Wednesday, 5 December 2012

The Morning of the Magicians

The Morning of the Magicians.jpg
Author(s)Louis Pauwels and Jacques Bergier
Original titleLe Matin des magiciens
Publication date1960
The Morning of the Magicians was first published as Le Matin des magiciens. Written by Louis Pauwels and Jacques Bergier in 1960, it became a best seller, first in French, then translated into English in 1963 as The Dawn of Magic, and later released in the United States as The Morning of the Magicians. A German edition was published with the title Aufbruch ins dritte Jahrtausend (Departure into the third Millennium).
In a generalized and wide ranging overview of the occult, the book speculates on a variety of Forteana, mysticism and conspiracy theories such as secret societies, ancient prophecies, alchemical transmutation, a giant race that once ruled the Earth, and the Nazca Lines.[1] It also includes speculations such as Nazi occultism and supernatural phenomena conspiracy theory that the Vril Society and the Thule Society were the philosophical precursors to the Nazi party.[2]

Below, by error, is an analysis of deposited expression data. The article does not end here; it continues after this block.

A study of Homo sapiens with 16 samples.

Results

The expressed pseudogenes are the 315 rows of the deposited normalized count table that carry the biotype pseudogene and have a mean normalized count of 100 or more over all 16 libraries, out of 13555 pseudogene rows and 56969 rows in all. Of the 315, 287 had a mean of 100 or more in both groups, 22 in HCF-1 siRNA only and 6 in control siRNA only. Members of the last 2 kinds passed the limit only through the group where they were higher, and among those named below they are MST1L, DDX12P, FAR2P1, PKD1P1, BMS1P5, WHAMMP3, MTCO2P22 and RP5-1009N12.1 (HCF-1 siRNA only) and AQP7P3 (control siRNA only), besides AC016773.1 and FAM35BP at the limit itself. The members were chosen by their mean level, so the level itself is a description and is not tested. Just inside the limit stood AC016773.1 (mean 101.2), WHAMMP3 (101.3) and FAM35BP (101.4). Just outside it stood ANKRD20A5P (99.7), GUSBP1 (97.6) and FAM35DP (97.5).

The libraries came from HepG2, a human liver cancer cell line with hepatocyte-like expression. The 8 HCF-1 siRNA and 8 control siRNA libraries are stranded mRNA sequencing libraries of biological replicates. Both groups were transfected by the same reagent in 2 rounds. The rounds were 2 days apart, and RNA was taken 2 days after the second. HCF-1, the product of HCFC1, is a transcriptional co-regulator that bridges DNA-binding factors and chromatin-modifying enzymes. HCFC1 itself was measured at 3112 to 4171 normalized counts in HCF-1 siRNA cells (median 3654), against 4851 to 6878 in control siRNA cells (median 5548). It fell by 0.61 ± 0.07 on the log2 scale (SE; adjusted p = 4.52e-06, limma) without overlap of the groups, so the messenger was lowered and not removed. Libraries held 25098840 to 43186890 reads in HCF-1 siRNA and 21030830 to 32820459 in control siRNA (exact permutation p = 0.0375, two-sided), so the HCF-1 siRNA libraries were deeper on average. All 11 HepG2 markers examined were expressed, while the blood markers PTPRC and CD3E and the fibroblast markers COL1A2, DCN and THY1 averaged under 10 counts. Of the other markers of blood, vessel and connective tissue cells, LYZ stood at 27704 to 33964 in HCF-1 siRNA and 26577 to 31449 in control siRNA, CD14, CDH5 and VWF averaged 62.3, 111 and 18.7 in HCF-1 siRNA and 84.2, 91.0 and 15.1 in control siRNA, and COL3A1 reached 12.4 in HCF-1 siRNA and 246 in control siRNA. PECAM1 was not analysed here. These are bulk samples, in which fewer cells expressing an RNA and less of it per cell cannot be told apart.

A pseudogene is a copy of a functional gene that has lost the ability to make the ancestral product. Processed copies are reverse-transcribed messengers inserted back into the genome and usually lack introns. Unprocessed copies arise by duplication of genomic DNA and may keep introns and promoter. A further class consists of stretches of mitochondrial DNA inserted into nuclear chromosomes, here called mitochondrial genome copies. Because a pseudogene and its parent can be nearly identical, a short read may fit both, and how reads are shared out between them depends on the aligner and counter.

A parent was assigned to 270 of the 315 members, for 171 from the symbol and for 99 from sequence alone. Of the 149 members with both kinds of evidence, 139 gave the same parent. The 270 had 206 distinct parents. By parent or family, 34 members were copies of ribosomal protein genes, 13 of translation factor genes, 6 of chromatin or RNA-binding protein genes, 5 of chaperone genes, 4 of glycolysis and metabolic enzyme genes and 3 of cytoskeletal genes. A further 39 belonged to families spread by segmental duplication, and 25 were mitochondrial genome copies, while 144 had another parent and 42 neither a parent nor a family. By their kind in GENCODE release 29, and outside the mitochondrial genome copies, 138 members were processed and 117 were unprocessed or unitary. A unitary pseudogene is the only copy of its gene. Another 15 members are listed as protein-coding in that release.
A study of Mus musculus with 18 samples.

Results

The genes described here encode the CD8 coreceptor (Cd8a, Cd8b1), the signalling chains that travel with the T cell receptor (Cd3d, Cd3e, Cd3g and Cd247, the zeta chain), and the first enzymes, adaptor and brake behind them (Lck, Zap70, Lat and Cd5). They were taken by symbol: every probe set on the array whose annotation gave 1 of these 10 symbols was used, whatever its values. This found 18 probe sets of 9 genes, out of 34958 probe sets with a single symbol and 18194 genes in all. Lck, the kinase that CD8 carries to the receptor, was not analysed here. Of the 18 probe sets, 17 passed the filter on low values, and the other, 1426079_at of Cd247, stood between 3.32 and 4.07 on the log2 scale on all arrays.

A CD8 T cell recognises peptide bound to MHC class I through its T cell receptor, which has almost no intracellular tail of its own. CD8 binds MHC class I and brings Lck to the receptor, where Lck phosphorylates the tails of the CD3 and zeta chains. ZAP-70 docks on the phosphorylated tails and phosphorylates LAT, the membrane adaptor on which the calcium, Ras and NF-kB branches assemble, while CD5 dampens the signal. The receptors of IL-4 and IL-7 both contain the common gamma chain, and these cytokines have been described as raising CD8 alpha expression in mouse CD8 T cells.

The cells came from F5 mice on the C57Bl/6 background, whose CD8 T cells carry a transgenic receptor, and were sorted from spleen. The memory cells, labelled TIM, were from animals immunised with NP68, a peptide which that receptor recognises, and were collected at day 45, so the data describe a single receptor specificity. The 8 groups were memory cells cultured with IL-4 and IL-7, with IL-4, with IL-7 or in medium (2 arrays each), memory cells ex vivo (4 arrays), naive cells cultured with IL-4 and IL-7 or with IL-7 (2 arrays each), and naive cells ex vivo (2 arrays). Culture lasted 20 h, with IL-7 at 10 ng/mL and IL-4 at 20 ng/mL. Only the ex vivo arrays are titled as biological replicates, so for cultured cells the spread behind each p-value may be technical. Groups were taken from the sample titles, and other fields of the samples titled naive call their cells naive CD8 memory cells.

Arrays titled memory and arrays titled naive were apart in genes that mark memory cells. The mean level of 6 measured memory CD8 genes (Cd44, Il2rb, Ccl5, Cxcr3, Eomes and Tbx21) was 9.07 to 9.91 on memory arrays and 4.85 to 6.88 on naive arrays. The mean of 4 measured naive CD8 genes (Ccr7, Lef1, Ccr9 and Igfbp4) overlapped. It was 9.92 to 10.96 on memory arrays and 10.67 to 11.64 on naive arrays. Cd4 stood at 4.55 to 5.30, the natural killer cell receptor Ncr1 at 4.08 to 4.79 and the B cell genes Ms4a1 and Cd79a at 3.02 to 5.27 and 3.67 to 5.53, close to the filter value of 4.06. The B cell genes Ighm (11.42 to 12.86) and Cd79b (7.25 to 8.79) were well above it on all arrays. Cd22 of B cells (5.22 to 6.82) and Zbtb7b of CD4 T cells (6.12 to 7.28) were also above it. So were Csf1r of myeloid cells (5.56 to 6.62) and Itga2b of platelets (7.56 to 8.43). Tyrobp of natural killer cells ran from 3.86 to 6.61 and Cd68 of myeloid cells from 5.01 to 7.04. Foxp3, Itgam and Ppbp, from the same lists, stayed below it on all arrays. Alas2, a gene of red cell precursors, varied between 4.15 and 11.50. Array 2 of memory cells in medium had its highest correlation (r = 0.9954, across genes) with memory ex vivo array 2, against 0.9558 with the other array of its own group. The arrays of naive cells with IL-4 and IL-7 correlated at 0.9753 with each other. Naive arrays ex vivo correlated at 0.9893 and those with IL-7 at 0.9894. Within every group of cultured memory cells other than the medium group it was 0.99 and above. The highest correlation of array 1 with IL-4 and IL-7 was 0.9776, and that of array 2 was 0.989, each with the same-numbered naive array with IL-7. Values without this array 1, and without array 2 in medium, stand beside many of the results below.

The book has been credited with playing a significant role in bringing these kinds of ideas into the popular culture, spurring a revival of interest in the occult during the 1960s and 70s, and being a forerunner to the popularization of New Age ideas.[3] In a 2004 article for Skeptic Magazine, Jason Colavito wrote that the book's tales of ancient astronauts predated Erich von Däniken's works on the topic, and that the ideas are so close to the works of H. P. Lovecraft such as The Call of Cthulhu or At the Mountains of Madness (published in the 1920s and 1930s) that Colavito claims it is probable that Lovecrafts fiction directly inspired the book.[4] Notably short on references or sources, the book has also come under criticism.[1]